Girls who reach puberty too early have a higher chance of developing breast cancer. Scientists are scrambling to find out why puberty is arriving earlier and earlier for U.S. girls.

Although genes are a factor, a growing body of research is pointing to environmental factors, such as compounds commonly found in plastics that can mimic the female hormone, Scientific American reports. The suspected "endocrine disrupters" may be causing girls to reach puberty and develop breasts at younger ages.

"Breast cancer is made, not born," said Alisan Goldfarb, an assistant clinical professor at Mount Sinai School of Medicine, at a symposium presented by the Children’s Environmental Health Center in New York.

Genetic mutations account for only so many cases of breast cancer. Only 5 to 10 percent of breast cancer cases are linked to having a mutation of BRCA, or breast cancer gene, according to the American Cancer Society. But even for women who have the BRCA gene from one parent, "having one normal gene should be enough," said Goldfarb, who added that additional factors appear to be at work.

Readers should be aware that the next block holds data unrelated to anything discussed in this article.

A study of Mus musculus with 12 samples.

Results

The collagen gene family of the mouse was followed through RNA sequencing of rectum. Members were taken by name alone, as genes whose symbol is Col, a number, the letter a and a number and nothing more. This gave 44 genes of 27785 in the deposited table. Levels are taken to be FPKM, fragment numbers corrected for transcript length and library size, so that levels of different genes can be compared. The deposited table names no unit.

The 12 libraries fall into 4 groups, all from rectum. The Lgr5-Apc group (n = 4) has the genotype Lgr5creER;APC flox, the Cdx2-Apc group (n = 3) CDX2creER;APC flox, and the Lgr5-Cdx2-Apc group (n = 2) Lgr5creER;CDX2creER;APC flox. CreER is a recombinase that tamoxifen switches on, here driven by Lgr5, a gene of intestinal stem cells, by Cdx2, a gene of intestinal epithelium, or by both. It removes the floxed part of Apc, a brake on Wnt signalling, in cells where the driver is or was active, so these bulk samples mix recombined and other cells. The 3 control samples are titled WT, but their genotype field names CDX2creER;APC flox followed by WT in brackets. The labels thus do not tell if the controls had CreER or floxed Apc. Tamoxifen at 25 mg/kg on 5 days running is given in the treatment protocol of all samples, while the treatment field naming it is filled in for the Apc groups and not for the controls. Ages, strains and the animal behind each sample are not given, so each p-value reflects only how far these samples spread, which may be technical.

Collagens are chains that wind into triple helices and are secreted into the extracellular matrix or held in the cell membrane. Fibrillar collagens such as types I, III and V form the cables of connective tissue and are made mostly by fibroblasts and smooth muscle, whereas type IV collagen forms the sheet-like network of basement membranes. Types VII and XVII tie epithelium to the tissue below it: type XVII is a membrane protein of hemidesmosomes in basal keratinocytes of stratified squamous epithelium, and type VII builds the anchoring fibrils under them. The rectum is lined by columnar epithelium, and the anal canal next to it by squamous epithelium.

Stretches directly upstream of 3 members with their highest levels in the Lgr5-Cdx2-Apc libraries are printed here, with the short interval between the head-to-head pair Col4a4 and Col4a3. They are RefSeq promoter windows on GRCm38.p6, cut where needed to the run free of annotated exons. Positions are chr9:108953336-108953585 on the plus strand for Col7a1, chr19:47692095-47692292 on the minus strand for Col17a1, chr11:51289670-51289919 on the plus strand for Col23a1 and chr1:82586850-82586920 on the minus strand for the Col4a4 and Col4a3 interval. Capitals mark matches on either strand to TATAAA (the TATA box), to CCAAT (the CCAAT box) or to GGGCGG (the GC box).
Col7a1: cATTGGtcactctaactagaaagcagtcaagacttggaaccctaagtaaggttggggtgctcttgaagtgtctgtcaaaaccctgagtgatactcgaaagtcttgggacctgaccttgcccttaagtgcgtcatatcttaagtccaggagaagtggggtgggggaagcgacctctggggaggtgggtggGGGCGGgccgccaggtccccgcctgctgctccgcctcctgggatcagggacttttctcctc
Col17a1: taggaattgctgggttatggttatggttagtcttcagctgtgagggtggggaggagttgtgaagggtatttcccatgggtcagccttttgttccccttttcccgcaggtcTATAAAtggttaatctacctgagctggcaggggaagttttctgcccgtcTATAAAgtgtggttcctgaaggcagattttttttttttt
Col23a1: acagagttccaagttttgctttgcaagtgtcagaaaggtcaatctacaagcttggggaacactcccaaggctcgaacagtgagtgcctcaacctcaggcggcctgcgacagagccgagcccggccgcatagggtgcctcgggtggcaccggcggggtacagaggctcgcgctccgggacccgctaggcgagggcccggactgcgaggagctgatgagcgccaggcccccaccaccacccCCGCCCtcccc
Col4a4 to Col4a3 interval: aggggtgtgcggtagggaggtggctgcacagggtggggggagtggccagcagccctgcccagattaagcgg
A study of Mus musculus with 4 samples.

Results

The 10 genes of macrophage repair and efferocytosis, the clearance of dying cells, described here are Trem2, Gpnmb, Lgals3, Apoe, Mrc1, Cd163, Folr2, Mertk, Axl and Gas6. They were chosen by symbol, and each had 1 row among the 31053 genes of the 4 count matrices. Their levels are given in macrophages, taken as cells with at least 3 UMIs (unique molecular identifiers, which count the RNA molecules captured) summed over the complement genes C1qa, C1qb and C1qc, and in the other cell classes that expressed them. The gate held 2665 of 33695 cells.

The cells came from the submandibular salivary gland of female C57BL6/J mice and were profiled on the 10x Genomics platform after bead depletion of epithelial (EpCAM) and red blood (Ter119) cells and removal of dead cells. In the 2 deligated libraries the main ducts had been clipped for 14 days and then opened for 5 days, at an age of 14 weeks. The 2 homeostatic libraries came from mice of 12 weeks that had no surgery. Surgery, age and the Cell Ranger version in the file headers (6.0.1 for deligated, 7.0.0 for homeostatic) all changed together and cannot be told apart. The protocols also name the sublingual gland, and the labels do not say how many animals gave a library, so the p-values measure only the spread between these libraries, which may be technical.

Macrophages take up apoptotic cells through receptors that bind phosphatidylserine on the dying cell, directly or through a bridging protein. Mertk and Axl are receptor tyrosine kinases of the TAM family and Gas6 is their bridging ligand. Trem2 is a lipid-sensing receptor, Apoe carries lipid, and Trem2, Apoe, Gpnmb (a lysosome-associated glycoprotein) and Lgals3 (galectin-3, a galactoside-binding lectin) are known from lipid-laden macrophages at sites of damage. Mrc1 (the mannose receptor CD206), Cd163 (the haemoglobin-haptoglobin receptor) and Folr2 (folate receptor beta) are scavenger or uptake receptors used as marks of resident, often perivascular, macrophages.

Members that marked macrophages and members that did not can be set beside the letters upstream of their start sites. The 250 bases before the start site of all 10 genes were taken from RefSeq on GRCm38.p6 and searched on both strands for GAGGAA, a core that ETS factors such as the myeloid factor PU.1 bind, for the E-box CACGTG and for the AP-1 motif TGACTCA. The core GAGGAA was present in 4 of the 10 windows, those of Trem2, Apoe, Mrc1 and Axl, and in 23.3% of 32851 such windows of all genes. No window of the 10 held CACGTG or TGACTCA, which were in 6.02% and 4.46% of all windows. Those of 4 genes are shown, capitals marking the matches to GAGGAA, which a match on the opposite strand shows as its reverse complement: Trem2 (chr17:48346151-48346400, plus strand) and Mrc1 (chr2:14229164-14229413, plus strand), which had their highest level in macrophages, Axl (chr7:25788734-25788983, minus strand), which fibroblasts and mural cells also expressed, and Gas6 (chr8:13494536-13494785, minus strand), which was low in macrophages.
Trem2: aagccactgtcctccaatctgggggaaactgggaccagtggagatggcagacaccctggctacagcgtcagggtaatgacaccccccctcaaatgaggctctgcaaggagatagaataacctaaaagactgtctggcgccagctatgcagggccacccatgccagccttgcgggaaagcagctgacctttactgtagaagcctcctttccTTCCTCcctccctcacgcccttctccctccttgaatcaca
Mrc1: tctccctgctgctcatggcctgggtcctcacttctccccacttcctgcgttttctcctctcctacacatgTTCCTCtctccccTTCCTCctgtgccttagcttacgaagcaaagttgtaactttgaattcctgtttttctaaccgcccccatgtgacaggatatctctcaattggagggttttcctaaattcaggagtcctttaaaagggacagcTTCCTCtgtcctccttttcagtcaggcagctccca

Indeed, more than a quarter of a million U.S. women will be diagnosed with breast cancer this year.

Fueling much of the research about a possible link between breast cancer and environmental factors is the knowledge that puberty and breast cancer are both linked to increased levels of estrogen. Now, some doctors are suggesting that estrogen-mimicking compounds, such as bisphenol-A and phthalates that are typically found in plastics or canned foods, may impact developmental phases and the disease.

BPA and phthalates are commonly found, but they are concentrated among children ages 6 to 11. Maida Galvez, an assistant professor of preventive medicine at Mount Sinai, suggested the compounds therefore might be acting as "endocrine disrupters" in lowering the age of puberty among girls.

In recent years, researchers have observed earlier breast development, which dropped to 9.86 years in 2006 from 10.88 in 1991, according to a study in the journal Pediatrics. Another recent study found that 13 percent of girls began the second stage of breast development at age 7.

"I'm starting, in my own practice, to talk with families about changes in the body as early as 6 years old," said Galvez.

BPA and phthalates, which can interfere with cell growth and metabolism, have been blamed for other ailments, from behavioral problems to reproductive issues. The National Cancer Institute and the American Cancer Society say environmental factors are not proven risks for breast cancer, but more and more researchers are leaning in that direction.

"Environmental factors can be discovered and prevented," said Philip Landrigan, chairman of Mount Sinai’s Department of Preventative Medicine.